Friday, April 09, 2010

Know Your LGBT History - The Children's Hour

A controversial play Lillian Hellman became a controversial movie in 1961, The Children's Hour.

Audrey Hepburn and Shirley MacLaine portray the owners of a private school for girls in New England. One of the girls (Karen Milkin) is a hateful little monster who is punished when she is caught in a lie. So she tells a bigger lie to her aunt (Fay Bainter), a wealthy and prominent member of the community, that the two women are lesbians and that she saw them kissing.

The blowback is ugly as Hepburn and MacLaine lose everything and the community shuns them. And it gets worse for MacLaine as this heartbreaking scene shows.

It's an ugly way for someone to come to grips with their God-given sexual orientation and a hard scene to watch. By the way, the child's lie is discovered, but does it even make a difference?



Past Know Your LGBT History postings

Know Your LGBT History - Sylvester

Know Your LGBT History - Once Bitten

Know Your LGBT History - The Boys in the Band

Know Your LGBT History - Christopher Morley, the crossdressing assassin

Know Your LGBT History - Midnight Cowboy

Know Your LGBT History - Dracula's Daughter

Know Your LGBT History - Blacula

Know Your LGBT History - 3 Strikes

Know Your LGBT History - Paris Is Burning

Know Your LGBT History - The Women

Know your LGBT History - Soul Plane

Know Your LGBT History - The Player's Club

Special Know Your LGBT History - Fame

Know Your LGBT History - Welcome Home, Bobby

Know Your LGBT History - Barney Miller

Know your lgbt history - The Jerry Springer Show

Know your lgbt history - Martin Lawrence and that 'gay guy' on his show

Know your lgbt history - The Ricki Lake Show

Know your lgbt history - Which Way Is Up

Know your lgbt history - Gays in Primetime Soaps

Know your lgbt history - Boys Beware

Know your lgbt history - The Boondocks

Know your lgbt history - Mannequin

Know your lgbt history - The Warriors

Know Your LGBT History - New York Undercover

Know Your LGBT History - Low Down Dirty Shame

Know Your LGBT History - Fortune and Men's Eyes

Know your lgbt history - California Suite

Know your lgbt history - Taxi (Elaine's Strange Triangle)

Know your lgbt history - Come Back Charleston Blue

Know your lgbt history - James Bond goes gay

Know your lgbt history - Windows

Know your lgbt history - To Wong Foo and Priscilla

Know your lgbt history - Blazing Saddles

Know your lgbt history - Sanford and Son

Know your lgbt history - In Living Color

Know your lgbt history - Cleopatra Jones and her lesbian drug lords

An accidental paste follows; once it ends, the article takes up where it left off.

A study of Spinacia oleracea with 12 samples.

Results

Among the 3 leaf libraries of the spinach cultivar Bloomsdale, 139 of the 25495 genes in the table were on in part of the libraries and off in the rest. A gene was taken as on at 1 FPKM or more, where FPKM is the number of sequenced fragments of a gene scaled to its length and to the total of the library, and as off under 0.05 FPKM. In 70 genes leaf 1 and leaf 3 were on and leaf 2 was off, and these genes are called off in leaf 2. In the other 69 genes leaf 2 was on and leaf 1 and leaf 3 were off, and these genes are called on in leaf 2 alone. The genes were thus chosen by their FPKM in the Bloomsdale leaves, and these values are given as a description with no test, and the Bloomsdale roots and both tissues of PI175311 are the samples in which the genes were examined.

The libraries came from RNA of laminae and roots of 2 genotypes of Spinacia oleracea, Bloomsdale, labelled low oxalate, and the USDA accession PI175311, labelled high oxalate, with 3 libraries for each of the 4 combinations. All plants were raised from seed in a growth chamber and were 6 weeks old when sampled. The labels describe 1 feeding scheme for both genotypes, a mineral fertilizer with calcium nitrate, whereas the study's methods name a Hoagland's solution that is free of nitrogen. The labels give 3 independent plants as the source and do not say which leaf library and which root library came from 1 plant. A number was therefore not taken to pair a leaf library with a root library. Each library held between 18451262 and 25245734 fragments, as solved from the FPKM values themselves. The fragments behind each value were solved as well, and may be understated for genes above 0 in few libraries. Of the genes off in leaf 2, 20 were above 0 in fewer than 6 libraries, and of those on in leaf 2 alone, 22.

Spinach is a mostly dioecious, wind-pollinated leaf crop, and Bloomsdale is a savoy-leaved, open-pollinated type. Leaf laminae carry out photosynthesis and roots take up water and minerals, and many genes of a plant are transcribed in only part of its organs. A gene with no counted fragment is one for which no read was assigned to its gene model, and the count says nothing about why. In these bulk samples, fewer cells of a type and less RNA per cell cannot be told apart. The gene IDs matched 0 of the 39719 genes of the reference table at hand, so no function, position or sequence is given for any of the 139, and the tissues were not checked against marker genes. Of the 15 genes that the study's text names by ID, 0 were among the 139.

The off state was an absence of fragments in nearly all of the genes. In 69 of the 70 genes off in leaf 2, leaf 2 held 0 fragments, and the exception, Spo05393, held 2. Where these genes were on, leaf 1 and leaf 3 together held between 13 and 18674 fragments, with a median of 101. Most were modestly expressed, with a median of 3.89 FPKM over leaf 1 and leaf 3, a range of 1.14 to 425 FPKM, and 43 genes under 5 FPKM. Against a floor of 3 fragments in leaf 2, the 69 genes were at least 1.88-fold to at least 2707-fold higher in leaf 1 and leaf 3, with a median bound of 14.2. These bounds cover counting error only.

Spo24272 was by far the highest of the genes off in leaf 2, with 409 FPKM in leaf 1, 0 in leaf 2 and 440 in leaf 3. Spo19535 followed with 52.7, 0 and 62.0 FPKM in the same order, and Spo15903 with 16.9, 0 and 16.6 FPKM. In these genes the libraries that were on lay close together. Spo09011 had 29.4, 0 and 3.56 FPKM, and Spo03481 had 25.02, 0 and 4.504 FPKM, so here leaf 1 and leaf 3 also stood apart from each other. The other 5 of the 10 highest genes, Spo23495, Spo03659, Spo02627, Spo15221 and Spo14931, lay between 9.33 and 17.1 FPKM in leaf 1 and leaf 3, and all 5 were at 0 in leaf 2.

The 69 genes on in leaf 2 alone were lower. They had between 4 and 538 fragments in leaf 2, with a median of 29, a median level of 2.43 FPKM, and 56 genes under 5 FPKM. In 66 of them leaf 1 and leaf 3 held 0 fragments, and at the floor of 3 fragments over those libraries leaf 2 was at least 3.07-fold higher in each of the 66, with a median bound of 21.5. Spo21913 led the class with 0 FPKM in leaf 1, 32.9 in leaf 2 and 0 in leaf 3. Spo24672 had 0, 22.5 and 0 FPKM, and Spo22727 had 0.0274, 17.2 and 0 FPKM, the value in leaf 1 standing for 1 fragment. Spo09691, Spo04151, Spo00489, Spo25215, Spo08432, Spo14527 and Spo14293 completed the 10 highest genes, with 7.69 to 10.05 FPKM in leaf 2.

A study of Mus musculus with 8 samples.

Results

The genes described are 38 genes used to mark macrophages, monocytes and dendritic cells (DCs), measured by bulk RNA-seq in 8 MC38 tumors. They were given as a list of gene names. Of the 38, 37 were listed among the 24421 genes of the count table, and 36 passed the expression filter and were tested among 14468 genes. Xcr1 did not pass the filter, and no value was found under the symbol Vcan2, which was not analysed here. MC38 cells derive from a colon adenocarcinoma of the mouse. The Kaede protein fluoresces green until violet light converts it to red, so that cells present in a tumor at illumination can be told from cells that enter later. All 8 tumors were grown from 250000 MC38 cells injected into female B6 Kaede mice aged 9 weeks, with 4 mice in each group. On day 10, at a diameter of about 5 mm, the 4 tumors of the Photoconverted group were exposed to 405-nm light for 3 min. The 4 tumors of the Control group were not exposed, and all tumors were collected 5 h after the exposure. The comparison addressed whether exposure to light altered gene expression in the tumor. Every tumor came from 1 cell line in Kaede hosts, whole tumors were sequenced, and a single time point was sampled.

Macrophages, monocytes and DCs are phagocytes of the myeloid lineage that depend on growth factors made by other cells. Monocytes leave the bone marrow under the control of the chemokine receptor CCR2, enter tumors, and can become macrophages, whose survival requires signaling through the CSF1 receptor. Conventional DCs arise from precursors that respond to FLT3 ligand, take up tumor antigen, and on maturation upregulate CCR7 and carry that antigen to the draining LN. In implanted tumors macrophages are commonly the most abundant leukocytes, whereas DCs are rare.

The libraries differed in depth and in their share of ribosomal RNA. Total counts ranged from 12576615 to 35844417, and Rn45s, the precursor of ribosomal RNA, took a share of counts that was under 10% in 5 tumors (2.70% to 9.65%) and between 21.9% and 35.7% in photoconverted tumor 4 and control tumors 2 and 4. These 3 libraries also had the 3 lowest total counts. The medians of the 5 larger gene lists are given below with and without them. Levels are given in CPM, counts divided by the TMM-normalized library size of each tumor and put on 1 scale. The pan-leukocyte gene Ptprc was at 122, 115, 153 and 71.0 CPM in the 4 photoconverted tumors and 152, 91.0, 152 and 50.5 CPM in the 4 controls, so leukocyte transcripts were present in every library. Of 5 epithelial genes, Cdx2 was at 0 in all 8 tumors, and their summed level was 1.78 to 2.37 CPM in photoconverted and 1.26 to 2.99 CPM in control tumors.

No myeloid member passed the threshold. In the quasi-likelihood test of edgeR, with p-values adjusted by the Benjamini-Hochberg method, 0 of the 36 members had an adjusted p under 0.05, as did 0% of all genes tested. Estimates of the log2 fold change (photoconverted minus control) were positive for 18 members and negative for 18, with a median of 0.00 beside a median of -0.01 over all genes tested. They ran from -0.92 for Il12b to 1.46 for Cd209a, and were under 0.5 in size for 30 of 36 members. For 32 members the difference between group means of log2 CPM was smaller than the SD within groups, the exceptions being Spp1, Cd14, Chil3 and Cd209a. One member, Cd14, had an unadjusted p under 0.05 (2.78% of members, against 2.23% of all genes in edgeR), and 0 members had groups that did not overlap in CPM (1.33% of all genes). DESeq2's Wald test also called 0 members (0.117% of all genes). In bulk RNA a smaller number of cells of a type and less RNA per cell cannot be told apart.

Know your lgbt history - Norman, Is That You?

Know your lgbt history - The 'Exotic' Adrian Street

Know your lgbt history - The Choirboys

Know your lgbt history - Eddie Murphy

Know your lgbt history - The Killing of Sister George

Know your lgbt history - Hanna-Barbera cartoons pushes the 'gay agenda

'Know your lgbt history - Cruising

Know your lgbt history - Foxy Brown and Cleopatra Jones

Know your lgbt history - I Got Da Hook Up

Know your lgbt history - Fright Night

Know your lgbt history - Flowers of Evil

The Jeffersons and the transgender community   
 



Bill S said...

I'd been wondering when/if you were going to post about this film.
A few thoughts:
When I was in high school, I ran across a book that compiled some of Pauline Kael's older film reviews, including this one. I was amused that Kael-who I'd always thought was one of the more progressive film critics, wrote in her 1961 review that "lesbianism is all in the mind (after all, there isn't much that lesbians can DO)"
In the documentrary "The Celluloid Closet", Shirley MacLaine admitted frankly that they "didn't do the picture right" and also said that during the filming, she and Audrey Hepburn never really discussed what the movie was ABOUT.
As depressing as the movie is, I think it was actually intended to be sympathetic towards lesbians. MacLaine's character is depicted as a victim instead of a predator, which, sadly, in 1961 Hollywood, actually WAS progress.
In spite of the script's failings, it's actually a very well-made picture from a technical standpoint, as you'd expeect with a director like William Wyler on hand, and the talented cast that was assembled. (I always find it jarring how YOUNG Shirley looked back then-she seems more like a teenager than a young woman.)
European films of the day tended to treat gay and lesbian characters a little better-I'm thinking for example of Claire Bloom's character in the British movie "The Haunting". I'm wracking my brain trying to name the first truly sympathetic lesbian character in an American film. I think it was Estelle Parsons in "Rachel, Rachel"(1968), but it's been a long time since I've seen it.

Bill S said...

SCARY THOUGHT (and I'm probably right)-
The way Shirley describes her feelings in this scene-the degree of shame and torment she feels-I'll bet this is EXACTLY how people like Linda Harvey, Porno Pete, et al,, WANT us to see ourselves.

Bill S said...

Hey, for your next "Know Your LGBT History" post, how about the "Designing Women" episode "Killing All the Right People"?

BlackTsunami said...

It's definitely on the list and I think that I can find the clip. Interestingly enough, that was the first episode of Designing Women I ever saw.